Multitasking Is a Myth, and Context Switching Is Destroying Your Productivity
What is task switching versus context switching?
Task switching is defined as when you shift back and forth between different applications to get work done. Context switching is when you move from one project to another due to distractions that change your focus.
Both are multitasking on steroids.
The cost of task switching, context switching and multitasking
Multitasking at this level is rough. According to verywellmind.com,
…research has shown that our brains are not nearly as good at handling multiple tasks as we like to think they are. In fact, some research suggests that multitasking can actually hamper your productivity by reducing your comprehension, attention, and overall performance.
Our attention span is getting a double whammy when you add in information overload.
A clever article, Death by Information Overload, in Harvard Business Review points out,
A few years ago, a study commissioned by Hewlett-Packard reported that the IQ scores of knowledge workers distracted by email and phone calls fell from their normal level by an average of 10 points—twice the decline recorded for those smoking marijuana, several commentators wryly noted.
And goes on to note,
It takes 24 minutes to get back on task after opening an email (among other distractions).
Digital transformation in the workplace is stressing us out and lowering our IQs! Here are some suggestions for improving your digital workplace and bringing some calm to your desktop and working day.
How to minimize context and task switching
Turn off notifications for good.
Pop-up boxes, pinging noise, and flashing icons are just some examples pushing us from app to app. Humans are programmed to react to these stimuli. Just ask a Vegas slot machine designer about the dopamine hits that keep customers hooked on playing. Technology applications are designed to do the same, using similar tactics.
Let’s say you have to finish a big project by the end of the day, and it’s a tough one. You hear the ping and see the pop-up email notification, you have to click it. You answer that “important” email that just came in, but wait, other emails need your attention, so you answer those too.
You feel accomplished until you realize that you lost valuable time and that project is still due by 5 pm.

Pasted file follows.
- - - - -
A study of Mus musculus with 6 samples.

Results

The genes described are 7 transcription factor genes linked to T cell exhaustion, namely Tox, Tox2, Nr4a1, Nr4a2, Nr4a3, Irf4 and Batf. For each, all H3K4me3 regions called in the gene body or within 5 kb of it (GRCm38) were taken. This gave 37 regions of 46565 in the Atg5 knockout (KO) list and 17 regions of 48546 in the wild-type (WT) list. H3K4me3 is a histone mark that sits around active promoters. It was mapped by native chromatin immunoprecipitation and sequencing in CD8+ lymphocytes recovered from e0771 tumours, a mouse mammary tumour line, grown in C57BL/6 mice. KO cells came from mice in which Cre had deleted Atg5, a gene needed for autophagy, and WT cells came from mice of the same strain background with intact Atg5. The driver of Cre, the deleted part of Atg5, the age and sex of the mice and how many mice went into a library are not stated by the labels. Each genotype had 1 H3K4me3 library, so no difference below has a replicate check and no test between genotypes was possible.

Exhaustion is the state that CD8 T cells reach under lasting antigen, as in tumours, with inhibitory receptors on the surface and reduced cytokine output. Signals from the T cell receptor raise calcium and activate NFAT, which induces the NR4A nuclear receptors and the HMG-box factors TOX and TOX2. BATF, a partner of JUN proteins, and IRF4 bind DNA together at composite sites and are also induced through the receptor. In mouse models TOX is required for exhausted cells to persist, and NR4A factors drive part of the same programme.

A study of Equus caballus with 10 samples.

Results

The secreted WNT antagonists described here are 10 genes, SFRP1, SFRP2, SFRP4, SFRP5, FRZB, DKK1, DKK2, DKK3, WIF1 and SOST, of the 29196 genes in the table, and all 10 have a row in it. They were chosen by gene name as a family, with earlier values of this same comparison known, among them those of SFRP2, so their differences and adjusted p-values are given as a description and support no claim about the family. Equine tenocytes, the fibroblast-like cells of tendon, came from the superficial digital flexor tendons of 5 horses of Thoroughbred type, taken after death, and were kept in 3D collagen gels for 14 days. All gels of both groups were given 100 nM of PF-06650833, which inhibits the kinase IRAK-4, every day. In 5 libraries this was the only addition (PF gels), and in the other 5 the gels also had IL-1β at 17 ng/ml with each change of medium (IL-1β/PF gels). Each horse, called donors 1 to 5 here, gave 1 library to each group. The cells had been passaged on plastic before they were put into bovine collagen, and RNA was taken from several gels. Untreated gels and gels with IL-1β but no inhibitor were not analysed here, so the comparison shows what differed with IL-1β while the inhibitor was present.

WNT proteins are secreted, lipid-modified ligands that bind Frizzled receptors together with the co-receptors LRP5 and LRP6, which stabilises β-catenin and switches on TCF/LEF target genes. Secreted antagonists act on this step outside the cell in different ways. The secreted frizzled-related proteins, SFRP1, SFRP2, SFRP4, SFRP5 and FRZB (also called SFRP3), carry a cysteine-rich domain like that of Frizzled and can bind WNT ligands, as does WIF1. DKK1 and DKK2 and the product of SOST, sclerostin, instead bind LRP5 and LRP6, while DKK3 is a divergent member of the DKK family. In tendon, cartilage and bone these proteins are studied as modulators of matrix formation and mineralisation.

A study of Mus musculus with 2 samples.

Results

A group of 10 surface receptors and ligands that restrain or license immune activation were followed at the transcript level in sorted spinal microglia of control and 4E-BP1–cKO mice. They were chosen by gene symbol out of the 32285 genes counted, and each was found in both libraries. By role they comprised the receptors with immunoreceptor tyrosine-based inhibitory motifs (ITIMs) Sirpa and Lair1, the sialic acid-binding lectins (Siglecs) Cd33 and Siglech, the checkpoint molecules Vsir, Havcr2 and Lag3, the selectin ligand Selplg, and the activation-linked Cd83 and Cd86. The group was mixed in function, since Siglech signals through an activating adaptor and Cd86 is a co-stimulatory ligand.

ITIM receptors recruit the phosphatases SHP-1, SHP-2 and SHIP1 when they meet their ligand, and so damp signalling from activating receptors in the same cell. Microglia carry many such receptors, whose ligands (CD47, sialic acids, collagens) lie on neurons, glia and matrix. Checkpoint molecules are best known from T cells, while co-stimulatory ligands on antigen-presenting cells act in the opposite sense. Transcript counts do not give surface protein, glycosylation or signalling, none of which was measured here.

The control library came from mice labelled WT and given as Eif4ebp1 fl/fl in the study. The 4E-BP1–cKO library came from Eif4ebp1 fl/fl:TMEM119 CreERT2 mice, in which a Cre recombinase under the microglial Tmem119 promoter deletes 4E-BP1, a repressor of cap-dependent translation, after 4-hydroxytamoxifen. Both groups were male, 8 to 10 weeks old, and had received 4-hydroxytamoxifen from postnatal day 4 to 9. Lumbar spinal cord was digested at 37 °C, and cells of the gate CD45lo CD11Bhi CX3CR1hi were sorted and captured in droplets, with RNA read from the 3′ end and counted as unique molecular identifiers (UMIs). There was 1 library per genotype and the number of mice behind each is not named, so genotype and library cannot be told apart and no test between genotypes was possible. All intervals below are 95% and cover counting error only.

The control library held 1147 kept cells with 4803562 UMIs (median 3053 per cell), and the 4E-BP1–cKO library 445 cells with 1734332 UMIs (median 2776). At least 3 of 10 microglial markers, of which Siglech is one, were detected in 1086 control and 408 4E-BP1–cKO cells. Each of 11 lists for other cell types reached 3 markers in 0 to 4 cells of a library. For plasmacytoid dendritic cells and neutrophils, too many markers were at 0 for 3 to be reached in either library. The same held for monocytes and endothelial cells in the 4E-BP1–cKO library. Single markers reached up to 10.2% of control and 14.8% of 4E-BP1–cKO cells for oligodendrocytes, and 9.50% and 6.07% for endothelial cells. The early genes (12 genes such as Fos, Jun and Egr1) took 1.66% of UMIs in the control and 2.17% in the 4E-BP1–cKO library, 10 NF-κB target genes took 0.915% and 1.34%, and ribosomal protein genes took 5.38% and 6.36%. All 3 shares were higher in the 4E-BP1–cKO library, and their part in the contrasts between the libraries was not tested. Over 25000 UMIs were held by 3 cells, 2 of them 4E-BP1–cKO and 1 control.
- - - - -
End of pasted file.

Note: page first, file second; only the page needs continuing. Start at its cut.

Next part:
Why do most of us work this way? Research by University College London suggests that
we’re biased towards perceiving anything challenging to be less appealing. Dr. Nobuhiro Hagura, who initially led the UCL team, said,
Our brain tricks us into believing the low-hanging fruit really is the ripest.
Notifications interrupt your workflow, tricking you into context and task switching and making you think you’re an accomplished multitasker. In reality, you’re just working harder and wasting the time needed for more important projects.
Work smarter. Disable all notifications on your work and personal applications. Designate specific times to check and respond to your emails and texts. You’ll be relieved when you break the unhealthy notification bond. Start single-tasking and watch your productivity soar.
Think differently. Organize differently.
We used to hail multitaskers as the get-it-done colleagues, and we now know that’s a myth. According to the American Psychological Association,
…shifting between tasks can cost as much as 40 percent of someone’s productive time.
Realistically, we can’t avoid all task and context switching activities, but we can limit it, especially with notifications turned off. Gaining control requires us to think differently by consciously deciding what projects to focus on and how we organize our digital work life.
Consider working in digital workspaces, where all the information you need for your project exists in that one place, mostly free of other distractions. And in your project workspace, you collect all the information and files related to that project; so you can focus on the task at hand.
Introducing Bobbin to better handle multitasking
Studies show multitasking is terrible for your mental health, focus, and happiness. The right digital workspace frees you of unnecessary switching, ultimately moving you away from multitasking.
Changing the way you work digitally means improving your work productivity and your well-being.
Check out Bobbin, the workplace application built differently so you can work smarter.